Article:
The "what" of the environmentally-conscious method of this completion became obvious the moment I adopted a less human-centric perspective on whom I was hiding 'objects' in trees for
. But where
In order to avoid both city traffic and the possibility of getting caught in crossfire in certain parts of West Baltimore, my daily commute zigzags through many sections of parkland and other forested state land that locals use as parks. Every work day, I spend some of the drive looking wistfully at the trees and swearing that some day I'll really stop and walk around and enjoy these gorgeous surroundings at less than thirty miles an hour. Every day, the familiarity of schedule wins. To force myself to break this awful habit, I left for work earlier and came home a bit later every day for a week, stopping at the parks along the way. I imposed upon myself the following rules for tree hiding.
1. Only one object placed per stop (parking space), thus one per trailhead. This kept me from being lazy, and also from avoiding stopping in several parks that were in far less dodgy neighborhoods than I'd feared.
2. Park must be along a route I have taken to or from work, somewhere I wanted to investigate but never did.
3. Object may not be seen from the road (but must be accessible to birds or squirrels). This will make me walk further and actually explore.
Setting out with these guidelines in mind, a thoroughly rewarding and occasionally picturesque exploration just out of sight of the beaten path unfolded.
But first, the baking.
Birdseed Batter: it disturbed me slightly that the only lard-free recipe I could find for birdseed balls that could be hung from ribbons was nearly identical to the one for wheat-free cookies I make for folks with allergies, except with birdseed instead of oats.
Test Ball: the embedded ends of the ribbon are not tied, so that once the ball is eaten or disintegrates, the ribbon (nesting material) will fall off and never strangle the host tree. but will it hold?
we now enlist the help of the Almighty Toaster Oven. Respect it or suffer its burning wrath.
The test ball holds: the embedded ribbon holds, at least in the humidity-controlled environment of an indoor kitchen wall. this leaves me with the next conundrum of how to shape ten objects intended to be hidden in trees and eaten by wildlife.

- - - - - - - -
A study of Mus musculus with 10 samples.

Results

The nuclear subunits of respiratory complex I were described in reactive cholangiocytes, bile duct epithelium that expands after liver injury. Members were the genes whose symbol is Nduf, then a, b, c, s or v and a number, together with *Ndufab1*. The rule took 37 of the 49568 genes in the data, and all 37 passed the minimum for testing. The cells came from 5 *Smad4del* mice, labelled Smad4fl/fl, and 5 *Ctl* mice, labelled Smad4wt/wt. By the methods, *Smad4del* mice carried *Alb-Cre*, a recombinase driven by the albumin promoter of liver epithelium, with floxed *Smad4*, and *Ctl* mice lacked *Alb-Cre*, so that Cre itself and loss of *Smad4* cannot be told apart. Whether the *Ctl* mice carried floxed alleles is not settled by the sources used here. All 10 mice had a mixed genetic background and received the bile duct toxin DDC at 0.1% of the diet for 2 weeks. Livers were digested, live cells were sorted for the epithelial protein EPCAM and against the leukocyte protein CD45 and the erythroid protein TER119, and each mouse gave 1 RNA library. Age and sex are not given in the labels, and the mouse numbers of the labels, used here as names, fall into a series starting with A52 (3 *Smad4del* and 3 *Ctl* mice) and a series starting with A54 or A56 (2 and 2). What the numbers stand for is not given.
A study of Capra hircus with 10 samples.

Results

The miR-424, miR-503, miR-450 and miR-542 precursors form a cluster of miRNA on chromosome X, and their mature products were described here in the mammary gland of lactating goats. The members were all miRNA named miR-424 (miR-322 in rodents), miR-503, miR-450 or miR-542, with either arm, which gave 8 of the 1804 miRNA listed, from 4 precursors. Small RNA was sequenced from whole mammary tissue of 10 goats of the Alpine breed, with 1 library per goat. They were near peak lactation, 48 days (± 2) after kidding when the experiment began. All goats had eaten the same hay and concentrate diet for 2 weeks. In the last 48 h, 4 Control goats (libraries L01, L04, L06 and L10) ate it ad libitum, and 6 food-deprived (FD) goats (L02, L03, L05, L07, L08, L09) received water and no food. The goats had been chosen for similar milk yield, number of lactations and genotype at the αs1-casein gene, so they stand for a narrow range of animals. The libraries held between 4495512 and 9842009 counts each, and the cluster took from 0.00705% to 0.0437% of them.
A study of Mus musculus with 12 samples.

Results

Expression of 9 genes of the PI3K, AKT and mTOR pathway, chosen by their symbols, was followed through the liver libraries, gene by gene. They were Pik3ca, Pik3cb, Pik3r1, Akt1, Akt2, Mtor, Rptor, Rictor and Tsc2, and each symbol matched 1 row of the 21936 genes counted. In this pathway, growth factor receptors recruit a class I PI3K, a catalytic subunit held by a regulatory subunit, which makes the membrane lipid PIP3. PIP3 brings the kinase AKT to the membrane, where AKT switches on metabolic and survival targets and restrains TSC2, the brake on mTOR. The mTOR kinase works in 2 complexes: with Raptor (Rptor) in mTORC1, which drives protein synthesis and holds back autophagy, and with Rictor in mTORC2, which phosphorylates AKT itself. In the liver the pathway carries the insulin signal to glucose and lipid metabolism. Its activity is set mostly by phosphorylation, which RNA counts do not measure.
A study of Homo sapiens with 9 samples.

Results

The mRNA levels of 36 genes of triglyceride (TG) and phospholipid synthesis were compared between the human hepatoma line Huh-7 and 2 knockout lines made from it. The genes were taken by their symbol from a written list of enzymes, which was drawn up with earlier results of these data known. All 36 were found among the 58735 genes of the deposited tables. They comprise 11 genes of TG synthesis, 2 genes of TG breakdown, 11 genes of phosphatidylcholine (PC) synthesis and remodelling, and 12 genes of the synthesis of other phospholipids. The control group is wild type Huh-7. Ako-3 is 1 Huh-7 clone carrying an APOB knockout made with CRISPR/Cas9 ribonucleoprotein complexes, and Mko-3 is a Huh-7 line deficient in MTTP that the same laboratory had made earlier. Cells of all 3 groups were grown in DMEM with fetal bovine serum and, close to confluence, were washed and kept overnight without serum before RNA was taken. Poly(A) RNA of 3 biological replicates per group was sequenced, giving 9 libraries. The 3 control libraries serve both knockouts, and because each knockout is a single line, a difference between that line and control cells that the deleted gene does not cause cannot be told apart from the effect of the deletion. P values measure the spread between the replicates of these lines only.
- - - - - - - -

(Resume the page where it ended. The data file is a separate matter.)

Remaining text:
Babies! I am going straight to hell. (Also, are babies made of seeds alive or dead?)
after baking an entire batch of ten children, i realised perhaps the witchy halloween theme of the kitchen has too deeply affected my psyche. it is too late to turn back.
Indeed, it is too late to turn back.
1. Gwynn's Falls Trail, Gwynns Falls Park
The first one was not terribly interesting at first, but it seemed like a passable start: a groggy Monday morning full of autumn air and good intentions. Then I turned around to head back to the car just in time to see this:
My heart was happy. This was exactly what I was hoping for. On to work, and the next.
2. Wyman Park
And again, not a hundred feet from where I am hundreds of times a year, a peaceful moment I hadn't previously stopped to notice.
3. City-owned forest, across from Wyman Park
Cookie is a bit hard to see, but is hanging from the tree on the left.
4. Catonsville Park
There's practically a Mangrove forest back here. And a football field where children play in some organised manner, uniforms and all. I lived near here for five years and it never caught my attention.
5. Druid Hill Park, South entrance, statue.
I always wondered what the statue was on about. It's William Wallace, apparently. Who knew there was that much of a Scottish population here to care? It was very difficult, here, to place the object where it couldn't be seen from the surrounding loop road. I couldn't climb any of the trees without attracting attention, so it would have to go in ground cover, instead. The squirrels discovered immediately
. In fact, this guy ran off with it while I was fussing with the flash on my camera. I sense squirrel fishing in my future.
6. Leakin Park, Eagle drive entrance.
The sign said 'you are here'. The rain from last night on the sign said 'it is wet', and that one shouldn't be climbing trees in office attire including 4 inch heels. But I was compelled, much to the detriment of my boots and, as I would discover later in the week, one of my knees. But there was ivy
, you see:
7. Hanlon Park
(geotagged below) with our very own red triangular tower.
I arrived just in time for a sunset, which almost made up for the fact that I really ought not have stopped here:
8. Carrie Murray Nature Center
As expected from signage on the main road, the nature center is a park building with a few outdoor enclosures for native kid-friendly animals, room for nature-oriented kiddie parties, trails. It also had some unexpectedly priceless signs. And another unexpected sign: one of the first of Autumn:
9. Druid Hill Park, from Wyman Park Road entrance
Another ground-level hide, as this is stretch of the park also comes mighty close to the loop road and open fields. The pavilion, however, is what I'd stopped for:
10. Patapsco State Park, Hollofield Area
Friday, I cut out of work early to place the last object, saving what I knew would be the best location for last. the bridge in the overlook is the road that I travel back and forth to just about anywhere.